Autos led drop in sales at U.S. retailers in July
Retail sales delivered their weakest performance in five months in July as shoppers shunned autos while they paid more for gas.
With the mass mailing of $92 billion in tax rebate checks now just a memory, there is concern the fragile economy could slow even more in the second half of this year.
The Commerce Department reported Wednesday that retail sales fell 0.1% last month, the first decline since a 0.5% tumble in February. It was a slightly worse showing than the flat reading economists had expected and followed a revised but still weak 0.3% reading for June.
Analysts said retail sales would have been more feeble without the rebate payments the government sent out in May, June and July. Those checks helped counter plunging home values, rising unemployment and soaring gasoline prices.
The bulk mailings are over, though, leaving economists worried about what will happen to spending.
“Cautious and uncertain consumers are watching their wallets, and with the back-to-school shopping season underway, that does not bode well for retailers,” said Joel Naroff, chief economist at Naroff Economic Advisors.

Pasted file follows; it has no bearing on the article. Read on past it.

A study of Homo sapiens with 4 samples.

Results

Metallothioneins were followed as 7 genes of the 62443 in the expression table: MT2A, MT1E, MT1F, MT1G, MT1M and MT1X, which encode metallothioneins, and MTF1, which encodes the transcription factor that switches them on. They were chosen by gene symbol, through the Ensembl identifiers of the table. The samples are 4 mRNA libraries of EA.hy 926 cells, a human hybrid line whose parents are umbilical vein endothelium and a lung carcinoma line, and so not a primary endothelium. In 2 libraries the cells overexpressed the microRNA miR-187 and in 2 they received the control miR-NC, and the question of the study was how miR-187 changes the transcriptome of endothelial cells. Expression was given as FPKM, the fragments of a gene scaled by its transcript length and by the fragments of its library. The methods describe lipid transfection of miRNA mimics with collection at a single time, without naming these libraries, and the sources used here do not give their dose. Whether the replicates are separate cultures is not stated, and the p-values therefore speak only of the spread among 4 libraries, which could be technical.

Auto sales fell 2.4% in July during another dismal month for carmakers. They saw sales activity plunge to the lowest level in 16 years as the weak economy and rising layoffs severely dampened demand.
Excluding the drop in autos, retail sales would have posted a 0.4% increase. Although that’s a positive reading, it still represents the weakest showing for sales excluding autos in five months.
Much of what little strength there was in July came from a 0.8% jump in sales at gasoline stations because of surging prices rather than increased demand.
In other economic news, the Labor Department reported that surging oil prices helped send import prices up 1.7% in July and left them rising 21.6% compared to a year earlier, the biggest year-over-year reading on record.